I know that taste is subjective, but i generally dont mind a very woody, mellow git, they make the best strummers without drownin out friends at the campfire. This jumbo tho may have been the most dry, mellow guitar ive ever seen and i have to admit, i am totally confused. Shouldnt the jumbo be a tiny bit brighter or was it intended to be even more woody? I felt they both sounded good, but the jumbo seemed like either it needed a bone nut or some bone pins to bring it out a bit.

 

Any owners want to chime in on my experience their thoughts id love to hear them, i usually learn something everyday here and its much appreciated.



 

My SJ is quite different from my J-45, but which is "better" is a difficult question to answer.

 

The only rational way to compare two instruments like this is to change the strings on both of them, and play them for a couple of days. Strings make all the difference in the world.




 

Glad to see you clarify how you do this. I was just on my way to the garage for a hammer.....


 

That depends on the bridge type, as well. My 1943 SJ re-issue has a belly-down (Martin style) bridge, which has the pins much closer to the saddle than you typically see on a standard Gibson belly-up bridge.



 

The above is of course always in relationship to the subjective criteria of the individual. After owning a boatload of great guitars from all the usual main and boutique makers I am no longer impressed by specs/woods/bling or reputation.

 

I’ve played holy grail vintage guitars that sounded just OK and squeaky new guitars that sounded incredible from the get go - and of course, the reverse.

 

I went looking for a J-45 Legend a while back but wound up with a great standard. I played an AJ 12fret with dead strings but heard something in it that was unique. Sure enough, with new strings it sounded incredible so it came home.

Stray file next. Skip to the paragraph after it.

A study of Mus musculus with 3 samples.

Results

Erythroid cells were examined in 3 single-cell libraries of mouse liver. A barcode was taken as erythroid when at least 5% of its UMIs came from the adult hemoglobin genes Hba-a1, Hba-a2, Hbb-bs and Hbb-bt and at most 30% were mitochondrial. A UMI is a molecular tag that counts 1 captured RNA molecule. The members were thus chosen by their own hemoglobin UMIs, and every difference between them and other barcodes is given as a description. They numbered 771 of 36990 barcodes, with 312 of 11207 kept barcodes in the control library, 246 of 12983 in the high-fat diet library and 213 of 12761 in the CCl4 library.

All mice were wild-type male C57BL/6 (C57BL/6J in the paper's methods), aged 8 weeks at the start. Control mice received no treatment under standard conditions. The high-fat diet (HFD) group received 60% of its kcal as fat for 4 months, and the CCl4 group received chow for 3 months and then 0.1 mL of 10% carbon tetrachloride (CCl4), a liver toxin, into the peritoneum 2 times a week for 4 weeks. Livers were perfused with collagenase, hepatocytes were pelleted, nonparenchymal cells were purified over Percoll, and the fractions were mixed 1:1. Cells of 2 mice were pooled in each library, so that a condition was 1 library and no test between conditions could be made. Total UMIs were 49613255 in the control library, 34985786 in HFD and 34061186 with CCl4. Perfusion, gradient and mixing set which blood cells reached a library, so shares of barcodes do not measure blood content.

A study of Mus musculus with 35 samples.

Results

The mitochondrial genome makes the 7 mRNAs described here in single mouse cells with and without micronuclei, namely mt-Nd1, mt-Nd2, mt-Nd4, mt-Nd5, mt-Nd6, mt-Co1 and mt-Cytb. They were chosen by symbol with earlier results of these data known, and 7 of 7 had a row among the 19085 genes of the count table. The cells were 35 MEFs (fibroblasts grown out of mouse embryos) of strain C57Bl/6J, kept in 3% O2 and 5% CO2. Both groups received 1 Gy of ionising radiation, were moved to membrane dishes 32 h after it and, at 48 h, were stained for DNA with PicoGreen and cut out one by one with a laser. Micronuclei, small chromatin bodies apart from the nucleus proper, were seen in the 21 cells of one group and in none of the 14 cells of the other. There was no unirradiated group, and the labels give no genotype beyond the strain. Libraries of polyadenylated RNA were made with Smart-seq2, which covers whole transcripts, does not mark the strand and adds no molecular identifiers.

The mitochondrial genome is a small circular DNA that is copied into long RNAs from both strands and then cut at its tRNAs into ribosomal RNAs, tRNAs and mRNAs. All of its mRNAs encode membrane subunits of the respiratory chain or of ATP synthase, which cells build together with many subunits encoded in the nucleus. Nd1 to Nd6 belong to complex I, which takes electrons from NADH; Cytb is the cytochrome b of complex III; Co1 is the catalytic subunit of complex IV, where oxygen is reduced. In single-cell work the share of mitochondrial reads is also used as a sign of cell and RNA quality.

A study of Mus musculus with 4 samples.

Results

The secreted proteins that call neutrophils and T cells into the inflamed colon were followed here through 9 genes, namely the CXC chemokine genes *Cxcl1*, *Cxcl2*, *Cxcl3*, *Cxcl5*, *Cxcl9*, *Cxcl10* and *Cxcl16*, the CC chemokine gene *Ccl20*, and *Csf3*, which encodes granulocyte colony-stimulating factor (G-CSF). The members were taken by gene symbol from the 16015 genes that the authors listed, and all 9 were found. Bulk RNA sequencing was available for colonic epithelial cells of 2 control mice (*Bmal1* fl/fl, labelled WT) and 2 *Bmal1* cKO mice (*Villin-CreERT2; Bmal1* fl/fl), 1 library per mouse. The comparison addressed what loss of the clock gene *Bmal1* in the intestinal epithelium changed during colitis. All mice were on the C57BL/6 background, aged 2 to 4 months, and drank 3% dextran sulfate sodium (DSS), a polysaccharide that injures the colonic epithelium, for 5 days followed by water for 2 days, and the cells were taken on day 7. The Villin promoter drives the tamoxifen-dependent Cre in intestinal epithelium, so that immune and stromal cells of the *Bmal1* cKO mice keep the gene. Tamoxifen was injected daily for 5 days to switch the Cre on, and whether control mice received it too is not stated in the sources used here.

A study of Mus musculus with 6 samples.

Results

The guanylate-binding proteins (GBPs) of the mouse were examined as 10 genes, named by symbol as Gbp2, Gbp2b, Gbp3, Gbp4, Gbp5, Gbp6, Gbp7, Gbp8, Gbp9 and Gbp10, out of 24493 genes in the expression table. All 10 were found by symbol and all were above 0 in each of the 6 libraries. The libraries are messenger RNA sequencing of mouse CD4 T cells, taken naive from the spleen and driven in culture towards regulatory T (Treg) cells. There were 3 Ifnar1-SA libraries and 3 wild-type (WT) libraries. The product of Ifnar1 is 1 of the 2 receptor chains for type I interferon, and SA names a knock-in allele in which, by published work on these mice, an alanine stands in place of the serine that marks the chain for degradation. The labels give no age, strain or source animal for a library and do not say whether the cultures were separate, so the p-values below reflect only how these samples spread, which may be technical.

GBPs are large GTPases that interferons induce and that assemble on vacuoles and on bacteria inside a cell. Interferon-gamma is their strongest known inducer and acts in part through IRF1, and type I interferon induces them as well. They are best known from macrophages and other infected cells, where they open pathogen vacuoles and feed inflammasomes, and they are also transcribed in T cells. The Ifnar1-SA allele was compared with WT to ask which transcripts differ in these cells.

There are no guarantees, just the particular, individual guitar and the personal relationship you as an individual have with it. Forget what makes and models ‘should’ sound like, close your eyes, listen and feel. That’s the only reliable parameter.


 

That is correct for sure. It is important when you are collecting outstanding vintage sound, you must see with your ears and not hear with your eyes. If you do that with discipline you will end up with a collection of outstanding vintage sounds.

 

I can not speak to the J-45/SJ questions from after 1954 but we have several of each from before that.

l90jDkp.jpg

 

In this picture you can see our three SJs and and three J-45s. The SJs are a 1943 RW model (FON 910, back row on right), 1943 (front row, number two) and 1954 (front row number three). The J-45s are 1942 (front row on the left) 1944 ( 2nd row on the right) and 1953 (front row on the right).

 

Gibson's evolution through these years is well documented and it does show up in the average sound properties of the instruments. The RW 1943 SJs are very rare and are quite different from the others. It has that rosewood lushness and roar and ours is a good match to the old AJ -- none of the rest are anything like that.

 

Each of these guitars has it own voice, but they have some general similarities. I would say I can hear differences of course, but none I would attribute to being a J-45 or SJ -- the properties of these guitars from the same period are essentially the same except for decoration. But they do evolve with year -- the banners are generally more powerful guitars that those of the early 50s.

 

Youcan hear all of these guitars being demoed here -- they are ordered by year of manufacture.

 

Let's pick,

-Tom

Edited by tpbiii



One mans dud is another mans dream sound.

 

 

I like Rioja and my wife likes Shiraz .....

 

 

Yep, we all hear things differently. ....My opinion doesn't necessarily make me right and someone else wrong.


 

My SJ is quite different from my J-45, but which is "better" is a difficult question to answer.

 

The only rational way to compare two instruments like this is to change the strings on both of them, and play them for a couple of days. Strings make all the difference in the world.

 

Exactly, there are differences in guitars from one guitar to the next. From bird to bird, D28 to D28, J45-J45. Some guitars same/different models sound very similar. Who the hell knows why or why it even matters? There's no absolutely "best" guitar for everyone. There's only what each of us consider the "best" guitar.